Front Page of Mercury News: How a blood thirsty parasite is taking down a major strawberry pest
In undisturbed areas surrounding strawberry fields of Monterey Bay, there’s a battle waging between good bugs and bad bugs. And the good bugs seem to be winning.
Scientists are witnessing the “fruits of their labor” as a European parasite introduced 15 years ago is helping to take down some notorious native pests called Lygus hesperus that threaten the strawberry crops.
The parasitic wasps are tiny, delicate-winged insects, but they’re anything but gentle. Instead, like the terrifying creature in the film “Alien,” they insert their eggs into their victims using long stingers. The eggs develop and hatch, and then the young parasites eat their victims from the inside out, exiting upon reaching adulthood.
As this predatory life cycle repeats again and again, scientists say the European Peristenus parasites are helping to reduce populations of Lygus bugs in the Monterey Bay. When scientists recently collected samples of the remaining Lygus bugs from parasite release sites, 71 percent of the critters had parasites inside.
Strawberry production is a $1.83 billion industry in California. Lygus bug damage contributes to around $18 million to $37 million annually in economic losses.
On the Central Coast, Lygus bugs attack strawberries, but they also feast on a wide range of other crops, such as cotton and chickpeas in the Central Valley. The bugs invade flowering strawberry fields in the spring, launching their assaults from surrounding undisturbed vegetation. They use their long mouthparts to pierce the seeds on the outside of the strawberries and inside flowers to suck their contents. This causes fruits to become “cat-faced,” or severely wrinkled and misshapen.
Typically, scientists introduce predators to attack invasive foreign bugs that have become serious pests, but Lygus bugs are native to California. For scientists to bring in a foreign insect to go after a native insect is highly unusual. It turns out that Lygus bugs have no native predators, which is one reason they’ve been so troublesome since the 1930s.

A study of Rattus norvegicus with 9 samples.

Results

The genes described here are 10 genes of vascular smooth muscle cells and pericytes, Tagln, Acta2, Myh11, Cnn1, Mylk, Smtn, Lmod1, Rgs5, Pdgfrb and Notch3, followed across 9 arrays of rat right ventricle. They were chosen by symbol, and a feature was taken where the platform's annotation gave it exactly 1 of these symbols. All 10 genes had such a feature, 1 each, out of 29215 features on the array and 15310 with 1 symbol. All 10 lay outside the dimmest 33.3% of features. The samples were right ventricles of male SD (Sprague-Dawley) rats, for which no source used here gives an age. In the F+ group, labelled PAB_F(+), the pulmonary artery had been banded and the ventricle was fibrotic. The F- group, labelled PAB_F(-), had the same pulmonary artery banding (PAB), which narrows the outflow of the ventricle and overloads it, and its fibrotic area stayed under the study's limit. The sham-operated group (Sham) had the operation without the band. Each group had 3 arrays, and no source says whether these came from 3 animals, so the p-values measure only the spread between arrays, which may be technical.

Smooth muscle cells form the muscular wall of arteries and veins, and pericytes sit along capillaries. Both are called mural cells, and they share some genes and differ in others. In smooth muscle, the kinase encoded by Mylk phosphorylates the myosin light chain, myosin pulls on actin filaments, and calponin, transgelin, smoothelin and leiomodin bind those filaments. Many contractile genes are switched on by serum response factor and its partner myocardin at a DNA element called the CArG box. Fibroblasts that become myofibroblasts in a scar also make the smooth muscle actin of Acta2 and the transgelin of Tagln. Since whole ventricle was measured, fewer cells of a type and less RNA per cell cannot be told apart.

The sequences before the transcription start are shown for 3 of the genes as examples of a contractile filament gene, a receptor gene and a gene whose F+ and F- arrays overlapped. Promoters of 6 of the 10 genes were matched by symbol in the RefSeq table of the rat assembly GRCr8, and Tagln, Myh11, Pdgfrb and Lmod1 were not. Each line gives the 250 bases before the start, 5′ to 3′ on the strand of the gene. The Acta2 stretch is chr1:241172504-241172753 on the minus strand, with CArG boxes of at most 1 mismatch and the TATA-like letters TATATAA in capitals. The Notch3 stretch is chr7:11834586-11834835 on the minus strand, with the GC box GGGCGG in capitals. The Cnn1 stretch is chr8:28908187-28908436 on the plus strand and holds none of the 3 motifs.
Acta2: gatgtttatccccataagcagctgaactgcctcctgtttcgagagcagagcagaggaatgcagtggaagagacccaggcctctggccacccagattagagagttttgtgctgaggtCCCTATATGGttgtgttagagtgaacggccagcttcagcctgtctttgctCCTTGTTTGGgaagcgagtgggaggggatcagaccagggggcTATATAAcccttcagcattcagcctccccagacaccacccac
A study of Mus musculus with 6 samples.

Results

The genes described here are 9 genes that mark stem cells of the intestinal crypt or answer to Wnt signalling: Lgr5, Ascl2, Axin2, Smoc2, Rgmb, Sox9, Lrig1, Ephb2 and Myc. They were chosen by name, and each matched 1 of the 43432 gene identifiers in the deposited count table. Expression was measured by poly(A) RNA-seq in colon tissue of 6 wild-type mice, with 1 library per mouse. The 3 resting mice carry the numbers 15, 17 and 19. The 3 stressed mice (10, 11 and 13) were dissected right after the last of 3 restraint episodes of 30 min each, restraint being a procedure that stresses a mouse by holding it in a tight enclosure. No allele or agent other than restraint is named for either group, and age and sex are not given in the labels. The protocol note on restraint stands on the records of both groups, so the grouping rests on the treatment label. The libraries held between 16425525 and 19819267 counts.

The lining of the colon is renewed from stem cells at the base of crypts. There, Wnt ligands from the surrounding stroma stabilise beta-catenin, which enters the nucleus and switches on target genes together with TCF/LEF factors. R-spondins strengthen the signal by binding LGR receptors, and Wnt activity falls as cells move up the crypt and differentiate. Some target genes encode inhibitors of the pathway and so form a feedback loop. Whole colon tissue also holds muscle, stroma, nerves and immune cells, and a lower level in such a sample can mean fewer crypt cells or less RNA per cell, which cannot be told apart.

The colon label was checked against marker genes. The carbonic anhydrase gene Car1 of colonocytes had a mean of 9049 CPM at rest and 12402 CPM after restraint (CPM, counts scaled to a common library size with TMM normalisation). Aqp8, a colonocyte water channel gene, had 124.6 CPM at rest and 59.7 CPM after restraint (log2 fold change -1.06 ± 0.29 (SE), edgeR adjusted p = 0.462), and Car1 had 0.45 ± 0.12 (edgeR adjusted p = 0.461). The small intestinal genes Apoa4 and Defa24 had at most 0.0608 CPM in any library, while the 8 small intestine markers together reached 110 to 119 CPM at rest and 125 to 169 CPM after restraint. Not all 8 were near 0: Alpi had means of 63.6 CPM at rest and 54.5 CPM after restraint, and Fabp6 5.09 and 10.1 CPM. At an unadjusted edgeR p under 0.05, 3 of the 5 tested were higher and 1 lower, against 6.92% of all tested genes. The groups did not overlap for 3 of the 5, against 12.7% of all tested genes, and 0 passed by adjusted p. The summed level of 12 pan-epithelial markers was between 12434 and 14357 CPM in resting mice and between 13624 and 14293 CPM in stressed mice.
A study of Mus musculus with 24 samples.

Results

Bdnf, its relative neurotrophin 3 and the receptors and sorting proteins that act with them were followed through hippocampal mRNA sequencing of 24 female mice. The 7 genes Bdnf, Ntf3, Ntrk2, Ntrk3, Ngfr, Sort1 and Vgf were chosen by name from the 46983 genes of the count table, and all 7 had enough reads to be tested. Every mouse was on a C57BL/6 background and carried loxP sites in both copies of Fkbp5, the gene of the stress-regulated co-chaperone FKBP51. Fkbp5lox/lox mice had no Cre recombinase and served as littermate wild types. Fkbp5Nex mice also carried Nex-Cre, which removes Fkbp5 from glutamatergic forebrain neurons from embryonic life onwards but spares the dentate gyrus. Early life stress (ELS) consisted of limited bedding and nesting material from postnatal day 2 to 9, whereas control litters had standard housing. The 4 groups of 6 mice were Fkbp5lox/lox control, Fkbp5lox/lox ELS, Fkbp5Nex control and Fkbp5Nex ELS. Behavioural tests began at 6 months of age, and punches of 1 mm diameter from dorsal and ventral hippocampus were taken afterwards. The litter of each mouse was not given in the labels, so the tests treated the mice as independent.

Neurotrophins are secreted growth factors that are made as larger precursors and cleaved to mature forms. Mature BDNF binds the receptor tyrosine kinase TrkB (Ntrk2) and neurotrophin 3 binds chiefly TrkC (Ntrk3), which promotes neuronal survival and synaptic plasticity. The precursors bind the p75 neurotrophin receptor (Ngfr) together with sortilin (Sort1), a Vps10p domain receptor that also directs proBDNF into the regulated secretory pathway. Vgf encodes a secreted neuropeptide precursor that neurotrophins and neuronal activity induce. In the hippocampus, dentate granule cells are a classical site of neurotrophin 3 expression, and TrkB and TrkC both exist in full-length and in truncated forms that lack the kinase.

Farming in California is the likely reason native Lygus bugs have become a major pest.
“If there was no agriculture, the Lygus bugs would be around in lower numbers in the wild and hard to find,” said Charlie Pickett, an entomologist with the state Department of Food and Agriculture.
Whether the introduced parasites will cause strawberry-loving Lygus bugs to continue to diminish over time remains to be seen. In the meantime, there is something that growers can do to encourage the process, and it could mean big savings from reduced fuel and pesticide use.
Some farmers are now planting alfalfa, a crop usually grown for cattle, in large patches away from their strawberry plants. Alfalfa is more attractive to the Lygus bugs, pulling them away from strawberry plants in large numbers — a practice known as “trap cropping.”
If the alfalfa crops are left unsprayed for the parasites, they can do what they do best: Eat Lygus bugs and lots of them.
Another strategy growers use to manage Lygus is to run vacuums mounted to the front of tractors to clean the pesky bugs from their fields. By incorporating alfalfa trap crops that pull the Lygus bugs to one place, growers can manage them better with the vacuum — without running the costly tractors for hours over an entire field.
But the parasites still play an important role.
“The Lygus bugs are smart. They learn to detect the vibration of the vacuum and dive down into the plants. You need the parasites to attack the remaining Lygus that the vacuum can’t pick up,” said Larry Edding from Pacific Gold Farms, a Naturipe organic strawberry grower, who collaborated with the scientists to develop the scheme.
Despite years of trial and error, more time is needed for the parasites to reduce the Lygus bugs in the Monterey Bay area to a manageable number. According to entomologists, when an introduced predator parasitizes a host at a rate that exceeds 35 percent, it is a good sign that the pest can be brought under control. When you compare that to 70 percent parasitism of Lygus bugs recently seen in the Monterey Bay, there is a possibility that the scheme will succeed.
Edding has seen good results at Pacific Gold Farms with the alfalfa trap-crop parasite scheme. The density of Lygus bugs at his farm have declined 95 percent over the past 13 years.
“You don’t meet a grower like Larry Edding every day; this is an information-rich approach,” Pickett said. “He knows what to do with this stuff and how to make it work.”
Introduced organisms must go through rigorous testing and quarantine to ensure they will not have undesired effects on other organisms.
“You have to look at the positive impacts and weigh it against the negative impacts,” Pickett said. “Your farm labor does not have to be exposed to pesticides. That is huge.”